What have we learned from Germany's regional elections?

Contrary to what you may have read in this morning’s papers, the regional elections in Germany cannot be interpreted as a stern rebuke of Chancellor Merkel’s refugee policy.

Her party’s losses remain limited, and she in fact wins new potential coalition partners for the federal elections in 2017. From a European perspective, the picture is darker: the populist Alternative for Germany’s (AfD) great success in this election shows once again that European politics have entered a vicious cycle of fragmentation of the party landscape, weak coalitions, and disappointing policy outcomes.

Three reasons why this was a good day for Angela Merkel

First, contrary to what many expected, Merkel’s Christian Democrats (CDU) did not suffer a crushing defeat. In Rhineland-Palatinate and in Saxony-Anhalt, her party lost no more than 4%, which is actually surprisingly good for a party that has been governing at the federal level for over a decade. In the third state, Baden-Württemberg, the CDU may indeed have lost 12%, but it was a highly personalized vote in favour of the immensely popular Minister-President from the Green party, Winfried Kretschmann. In a direct ballot, he would have won 75% of the overall vote against only 16% for the CDU’s lacklustre candidate Guido Wolf. Polls show that even among the CDU voters, 87% were satisfied with Kretschmann’s record as Minister-President. Even business leaders preferred him. The Greens may finally prove worthy of being a viable coalition partner for the CDU.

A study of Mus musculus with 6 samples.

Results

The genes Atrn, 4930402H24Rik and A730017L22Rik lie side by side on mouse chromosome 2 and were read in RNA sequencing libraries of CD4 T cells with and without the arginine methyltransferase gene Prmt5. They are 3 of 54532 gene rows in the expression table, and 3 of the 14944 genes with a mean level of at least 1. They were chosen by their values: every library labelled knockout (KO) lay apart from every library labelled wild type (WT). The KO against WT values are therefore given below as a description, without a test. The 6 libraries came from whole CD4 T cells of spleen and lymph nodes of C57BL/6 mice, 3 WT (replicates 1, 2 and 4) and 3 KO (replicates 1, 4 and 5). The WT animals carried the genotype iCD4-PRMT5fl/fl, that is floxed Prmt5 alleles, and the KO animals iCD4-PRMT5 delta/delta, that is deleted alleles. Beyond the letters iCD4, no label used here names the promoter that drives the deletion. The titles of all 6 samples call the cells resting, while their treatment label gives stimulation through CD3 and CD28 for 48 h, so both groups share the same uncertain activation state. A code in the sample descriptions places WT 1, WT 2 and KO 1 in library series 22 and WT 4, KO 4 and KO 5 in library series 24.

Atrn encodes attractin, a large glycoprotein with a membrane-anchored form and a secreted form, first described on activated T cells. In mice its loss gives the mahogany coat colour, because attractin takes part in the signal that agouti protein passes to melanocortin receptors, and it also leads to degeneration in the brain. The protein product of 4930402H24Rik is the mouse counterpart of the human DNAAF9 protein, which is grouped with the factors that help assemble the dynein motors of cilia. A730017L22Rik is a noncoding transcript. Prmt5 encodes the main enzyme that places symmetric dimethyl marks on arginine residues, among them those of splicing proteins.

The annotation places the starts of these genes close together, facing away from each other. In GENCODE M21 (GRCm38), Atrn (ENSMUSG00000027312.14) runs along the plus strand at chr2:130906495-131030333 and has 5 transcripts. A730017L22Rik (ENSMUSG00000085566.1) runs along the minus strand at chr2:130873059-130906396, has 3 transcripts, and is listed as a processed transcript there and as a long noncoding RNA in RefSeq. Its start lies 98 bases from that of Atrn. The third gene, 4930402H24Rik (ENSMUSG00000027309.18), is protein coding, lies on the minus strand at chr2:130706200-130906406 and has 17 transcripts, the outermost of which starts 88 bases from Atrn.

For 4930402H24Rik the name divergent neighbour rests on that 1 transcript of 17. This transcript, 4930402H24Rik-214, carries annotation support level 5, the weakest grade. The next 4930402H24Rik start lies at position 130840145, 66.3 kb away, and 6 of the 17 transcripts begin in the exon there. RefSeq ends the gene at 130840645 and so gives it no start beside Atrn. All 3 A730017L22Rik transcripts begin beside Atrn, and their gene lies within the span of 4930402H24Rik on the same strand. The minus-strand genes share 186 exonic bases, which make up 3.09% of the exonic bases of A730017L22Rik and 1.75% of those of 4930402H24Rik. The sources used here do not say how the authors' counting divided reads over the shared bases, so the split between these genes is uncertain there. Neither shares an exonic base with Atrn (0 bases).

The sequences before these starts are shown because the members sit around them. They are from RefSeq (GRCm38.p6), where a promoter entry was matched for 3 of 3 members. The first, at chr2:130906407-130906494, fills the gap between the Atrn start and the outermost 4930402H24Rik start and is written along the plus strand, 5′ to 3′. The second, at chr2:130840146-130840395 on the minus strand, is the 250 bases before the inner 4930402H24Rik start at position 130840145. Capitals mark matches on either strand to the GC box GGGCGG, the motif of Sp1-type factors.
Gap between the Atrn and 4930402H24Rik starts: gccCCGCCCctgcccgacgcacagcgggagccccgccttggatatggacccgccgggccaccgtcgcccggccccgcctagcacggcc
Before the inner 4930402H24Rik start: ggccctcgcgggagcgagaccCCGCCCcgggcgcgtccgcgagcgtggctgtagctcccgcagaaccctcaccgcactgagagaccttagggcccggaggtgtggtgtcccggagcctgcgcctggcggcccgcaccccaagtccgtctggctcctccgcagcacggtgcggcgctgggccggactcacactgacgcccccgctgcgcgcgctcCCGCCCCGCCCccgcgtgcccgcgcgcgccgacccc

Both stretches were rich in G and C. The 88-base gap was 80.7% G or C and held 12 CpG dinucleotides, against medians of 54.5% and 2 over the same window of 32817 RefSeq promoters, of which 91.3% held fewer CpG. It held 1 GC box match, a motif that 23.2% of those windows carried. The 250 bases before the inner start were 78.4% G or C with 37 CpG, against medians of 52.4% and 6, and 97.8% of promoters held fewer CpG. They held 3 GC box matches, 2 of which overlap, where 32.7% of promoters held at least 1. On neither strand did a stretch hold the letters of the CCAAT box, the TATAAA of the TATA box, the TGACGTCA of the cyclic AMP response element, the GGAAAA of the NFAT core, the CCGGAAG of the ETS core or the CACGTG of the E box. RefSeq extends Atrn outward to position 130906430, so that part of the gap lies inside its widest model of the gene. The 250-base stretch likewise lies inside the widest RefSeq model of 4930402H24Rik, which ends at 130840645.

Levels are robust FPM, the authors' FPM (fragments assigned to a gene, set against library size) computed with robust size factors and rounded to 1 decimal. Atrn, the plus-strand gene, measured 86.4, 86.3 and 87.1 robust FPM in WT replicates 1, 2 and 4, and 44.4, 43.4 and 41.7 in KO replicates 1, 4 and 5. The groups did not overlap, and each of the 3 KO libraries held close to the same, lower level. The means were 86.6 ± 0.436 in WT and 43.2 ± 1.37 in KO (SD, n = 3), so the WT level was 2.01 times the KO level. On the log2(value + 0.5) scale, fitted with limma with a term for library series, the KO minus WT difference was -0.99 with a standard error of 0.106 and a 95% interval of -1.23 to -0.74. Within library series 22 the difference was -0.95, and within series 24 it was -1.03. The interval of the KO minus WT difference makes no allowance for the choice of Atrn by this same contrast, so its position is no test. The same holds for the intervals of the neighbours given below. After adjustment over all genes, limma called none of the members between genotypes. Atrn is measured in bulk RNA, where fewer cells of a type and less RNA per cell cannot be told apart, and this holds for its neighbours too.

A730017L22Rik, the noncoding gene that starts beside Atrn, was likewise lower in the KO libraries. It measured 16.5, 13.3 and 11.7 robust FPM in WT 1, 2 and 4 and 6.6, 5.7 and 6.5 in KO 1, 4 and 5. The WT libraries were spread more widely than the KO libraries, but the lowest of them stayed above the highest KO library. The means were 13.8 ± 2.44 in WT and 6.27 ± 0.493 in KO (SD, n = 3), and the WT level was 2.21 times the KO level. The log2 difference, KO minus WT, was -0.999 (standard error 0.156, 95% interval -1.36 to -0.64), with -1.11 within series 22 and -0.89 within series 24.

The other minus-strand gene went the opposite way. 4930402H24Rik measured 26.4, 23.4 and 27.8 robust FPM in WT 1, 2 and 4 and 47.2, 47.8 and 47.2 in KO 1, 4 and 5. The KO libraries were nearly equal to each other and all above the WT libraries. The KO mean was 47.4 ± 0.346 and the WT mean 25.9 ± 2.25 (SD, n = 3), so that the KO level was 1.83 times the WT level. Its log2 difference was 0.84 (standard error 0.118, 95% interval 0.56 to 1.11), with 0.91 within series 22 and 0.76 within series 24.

Source: Deutsche Welle

Second, this was not a vote against Merkel’s refugee policy. Kretschmann is a strong advocate of Merkel’s open door policy to refugees while her own candidate, who lost by a landslide, had chosen to distance himself from the Chancellor by advocating a much harder stance. Wolf went so far as to dub his Green opponent a Kanzlerin-Versteher, or Merkel-adept, which does not seem to have hurt Kretschmann at the polls.

Third, the majority of the populist AfD's voters in all three states came from a very specific demographic: people who have been abstaining from voting. In other words, the party’s success is mainly due to an impressive mobilization of people who are frustrated with established politics in general, not Merkel in particular. Moreover, the AfD attracted voters from parties across the political landscape, regardless of whether they are for or against more immigration. According to a poll, AfD voters felt that the party calls things “as they are”, and raises issues that other politicians are not willing to confront. Infratest Dimap showed that in all three elections, social security and economic growth remained more important concerns for voters than migration policy.

…and a bad day for European politics

More than anything else, AfD’s remarkable success comes down to a growing rejection of the establishment, and a questioning of the effectiveness of traditional political parties to solve major challenges of our times. Even in a strong democracy like Germany, populist one-hit wonders have become part of the landscape. At the end of the day, the AfD’s success will be measured by its staying power. Previous challengers, like the Pirate Party have vanished, while The Left have experienced significant losses. What’s more important is that each election shows the same worrying trend, a movement away from the political centre.

Increasingly, voters are looking for alternatives to the political parties on offer. They feel alienated from the political debate, and hope for more decisive action on topics they are most concerned about. Party leaders in Germany and Europe should listen to these concerns as this public disaffection with the governing elites threatens to eventually put the European project itself into question.